Anyone who practices tea ceremony for long enough inevitably come to a point where they want to create their own tea space. The tea room is an absolutely crucial part of tea ceremony – the architecture, the design, the colors and shapes all contribute to the mood of a tea ceremony. Anyone who’s been in a tea room will testify that there’s no substitute. And lo, after fifteen years of tea ceremony, I’ve finally arrived at a time and place where I can create one of my own.
If I were going to do this in the absolutely proper way – hire a Japanese carpenter trained in traditional design techniques who is an expert in all of the multitude of rules that apply to the creation of a space like a tearoom and buy only the most traditional materials imported from Japan – I could easily spent tens of thousands of dollars on this room, maybe as high as a hundred thousand dollars. Needless to say, that’s a bit out of my budget range. So, like most American tea practitioners setting out to create their own tea space, I’m pulling together the resources I can and doing it with a little help from my friends and family.
At this point, I’m just beginning the design phase, which in a lot of ways is the most important part. You have to think about every detail – not just the layout of the room, but where the light is coming from, what’s illuminated and what isn’t, what the guests will see when they enter the room; what they’ll see when they’re sitting and drinking tea. How will the hanging flower vase look when a guest is sitting in front of the alcove? Is there a way to adjust the temperature if the room is too hot or too cold? Is there enough ventilation if you’re using a charcoal fire to heat the water?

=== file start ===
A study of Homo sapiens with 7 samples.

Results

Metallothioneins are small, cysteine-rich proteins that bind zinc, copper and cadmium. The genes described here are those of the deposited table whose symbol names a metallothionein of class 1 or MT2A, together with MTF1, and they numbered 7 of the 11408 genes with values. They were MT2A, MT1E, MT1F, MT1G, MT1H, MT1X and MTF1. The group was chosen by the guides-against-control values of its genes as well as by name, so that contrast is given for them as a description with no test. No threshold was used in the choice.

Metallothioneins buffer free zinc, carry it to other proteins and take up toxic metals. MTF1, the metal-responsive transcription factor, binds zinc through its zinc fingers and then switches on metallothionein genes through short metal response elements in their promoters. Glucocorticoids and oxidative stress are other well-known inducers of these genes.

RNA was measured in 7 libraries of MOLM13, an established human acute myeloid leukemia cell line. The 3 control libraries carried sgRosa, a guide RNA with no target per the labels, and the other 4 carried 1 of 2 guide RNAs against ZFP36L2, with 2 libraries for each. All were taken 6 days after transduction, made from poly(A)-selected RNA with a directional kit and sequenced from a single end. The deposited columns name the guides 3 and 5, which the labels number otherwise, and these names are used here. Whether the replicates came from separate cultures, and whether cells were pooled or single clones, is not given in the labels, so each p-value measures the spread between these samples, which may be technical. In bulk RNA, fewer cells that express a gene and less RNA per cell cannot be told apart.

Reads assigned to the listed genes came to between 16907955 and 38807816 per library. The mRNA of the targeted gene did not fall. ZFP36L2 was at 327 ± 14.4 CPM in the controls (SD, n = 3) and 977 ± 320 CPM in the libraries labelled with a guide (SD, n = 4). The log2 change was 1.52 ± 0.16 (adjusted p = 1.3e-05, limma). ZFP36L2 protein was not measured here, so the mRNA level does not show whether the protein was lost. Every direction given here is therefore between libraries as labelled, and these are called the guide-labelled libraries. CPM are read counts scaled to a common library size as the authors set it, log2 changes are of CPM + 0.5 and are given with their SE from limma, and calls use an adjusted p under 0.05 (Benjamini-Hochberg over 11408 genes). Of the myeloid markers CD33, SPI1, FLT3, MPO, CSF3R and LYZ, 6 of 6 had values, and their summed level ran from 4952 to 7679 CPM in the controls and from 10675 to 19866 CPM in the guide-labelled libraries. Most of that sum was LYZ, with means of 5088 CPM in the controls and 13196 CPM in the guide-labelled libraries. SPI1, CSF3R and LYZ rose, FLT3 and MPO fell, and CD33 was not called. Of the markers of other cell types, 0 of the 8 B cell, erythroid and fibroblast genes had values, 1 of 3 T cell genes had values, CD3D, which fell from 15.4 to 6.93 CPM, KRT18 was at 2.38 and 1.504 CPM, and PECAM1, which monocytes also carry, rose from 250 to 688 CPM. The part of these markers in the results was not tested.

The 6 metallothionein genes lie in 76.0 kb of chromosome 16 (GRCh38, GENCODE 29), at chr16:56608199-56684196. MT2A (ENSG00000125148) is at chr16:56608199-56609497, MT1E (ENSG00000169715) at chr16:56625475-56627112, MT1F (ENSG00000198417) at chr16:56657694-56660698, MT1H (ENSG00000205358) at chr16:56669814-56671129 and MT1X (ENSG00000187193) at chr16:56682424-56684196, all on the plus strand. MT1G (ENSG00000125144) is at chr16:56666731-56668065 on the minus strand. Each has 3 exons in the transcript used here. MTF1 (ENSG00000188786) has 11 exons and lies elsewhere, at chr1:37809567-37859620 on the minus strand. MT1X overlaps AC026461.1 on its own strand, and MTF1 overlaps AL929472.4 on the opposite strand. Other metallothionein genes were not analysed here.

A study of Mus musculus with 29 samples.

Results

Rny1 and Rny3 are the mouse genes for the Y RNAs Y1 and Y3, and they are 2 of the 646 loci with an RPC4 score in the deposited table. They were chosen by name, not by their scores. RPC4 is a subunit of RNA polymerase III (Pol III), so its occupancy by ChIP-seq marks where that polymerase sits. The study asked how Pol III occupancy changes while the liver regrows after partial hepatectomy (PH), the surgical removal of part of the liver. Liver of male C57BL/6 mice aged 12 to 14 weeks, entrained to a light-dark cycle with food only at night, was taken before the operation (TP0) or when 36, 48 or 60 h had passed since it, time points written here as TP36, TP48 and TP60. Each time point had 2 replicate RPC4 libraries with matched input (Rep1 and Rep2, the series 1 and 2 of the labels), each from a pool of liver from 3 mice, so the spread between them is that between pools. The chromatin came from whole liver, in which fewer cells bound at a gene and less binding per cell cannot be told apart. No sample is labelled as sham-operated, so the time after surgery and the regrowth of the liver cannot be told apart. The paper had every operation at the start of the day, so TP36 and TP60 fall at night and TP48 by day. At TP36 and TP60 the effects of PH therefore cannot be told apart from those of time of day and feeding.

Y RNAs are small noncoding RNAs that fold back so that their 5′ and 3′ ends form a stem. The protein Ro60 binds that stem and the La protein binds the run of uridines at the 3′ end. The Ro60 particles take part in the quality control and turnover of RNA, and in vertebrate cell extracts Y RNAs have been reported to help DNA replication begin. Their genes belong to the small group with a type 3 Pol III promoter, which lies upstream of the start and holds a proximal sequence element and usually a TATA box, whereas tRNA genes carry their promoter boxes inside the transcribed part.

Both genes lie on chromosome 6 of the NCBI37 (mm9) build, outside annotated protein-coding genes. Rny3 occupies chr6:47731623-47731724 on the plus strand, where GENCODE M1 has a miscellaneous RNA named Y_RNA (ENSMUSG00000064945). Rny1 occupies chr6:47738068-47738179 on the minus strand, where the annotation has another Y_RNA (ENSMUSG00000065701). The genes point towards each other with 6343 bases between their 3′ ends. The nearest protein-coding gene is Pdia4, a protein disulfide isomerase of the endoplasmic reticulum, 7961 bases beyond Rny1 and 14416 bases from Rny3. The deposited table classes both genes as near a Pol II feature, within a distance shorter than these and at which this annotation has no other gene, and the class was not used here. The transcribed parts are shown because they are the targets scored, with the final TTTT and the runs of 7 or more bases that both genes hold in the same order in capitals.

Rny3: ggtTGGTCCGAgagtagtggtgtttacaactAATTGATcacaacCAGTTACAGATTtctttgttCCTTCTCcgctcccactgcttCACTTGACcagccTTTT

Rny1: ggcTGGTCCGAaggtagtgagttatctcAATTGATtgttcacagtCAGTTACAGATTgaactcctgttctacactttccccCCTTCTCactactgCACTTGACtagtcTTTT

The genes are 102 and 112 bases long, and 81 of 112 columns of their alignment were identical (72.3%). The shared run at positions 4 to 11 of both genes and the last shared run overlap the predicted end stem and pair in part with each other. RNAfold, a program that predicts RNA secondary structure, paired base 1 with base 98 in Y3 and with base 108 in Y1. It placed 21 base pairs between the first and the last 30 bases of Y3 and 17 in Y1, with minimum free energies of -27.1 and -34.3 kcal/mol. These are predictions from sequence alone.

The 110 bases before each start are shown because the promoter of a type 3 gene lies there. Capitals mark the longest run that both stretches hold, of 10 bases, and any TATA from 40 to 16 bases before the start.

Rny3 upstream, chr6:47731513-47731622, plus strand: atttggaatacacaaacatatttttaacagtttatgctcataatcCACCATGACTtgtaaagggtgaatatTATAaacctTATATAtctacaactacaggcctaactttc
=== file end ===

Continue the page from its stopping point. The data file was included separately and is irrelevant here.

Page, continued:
In my case, we’ve set aside a room in the house that’s going to be the tearoom; there’s just enough space to create a room of four and a half tatami mats (the smaller of two “standard” sizes) with an alcove and a separate mizuya or preparation area. I’d like the room to include a sunken hearth – used in the wintertime to bring the fire closer to the guests and keep them warm. In order for that to happen, we’d have to either cut a hole in the floor (not a popular option with my significant other) or create a raised floor within the room, which is the more likely scenario. The problem with that is that it lowers the ceiling to just a little more than six and a half feet, which should be okay for most guests, but it makes the issue of lighting fixures more important.
The other big design question is how to deal with window access. The way the room is currently laid out, the alcove would be next to the window, so the window would be behind an interior wall (which I’d want to do anyhow because there’s a radiator right in front of the window, and I want to hide that). I can put a window in that wall to let the light through, but then there’s the question of how to access the window if we need to open it or do repairs. What I’m thinking is that instead of a wall, we could install a pair of sliding doors with shoji, so that the light comes through and it provides easy access. Would it look strange to have a door where there’s no actual exit? I think the function would probably trump form in this case.
Anyhow, I’m sure I’ll be writing lots more about this in the coming months. Questions and feedback are certainly welcome!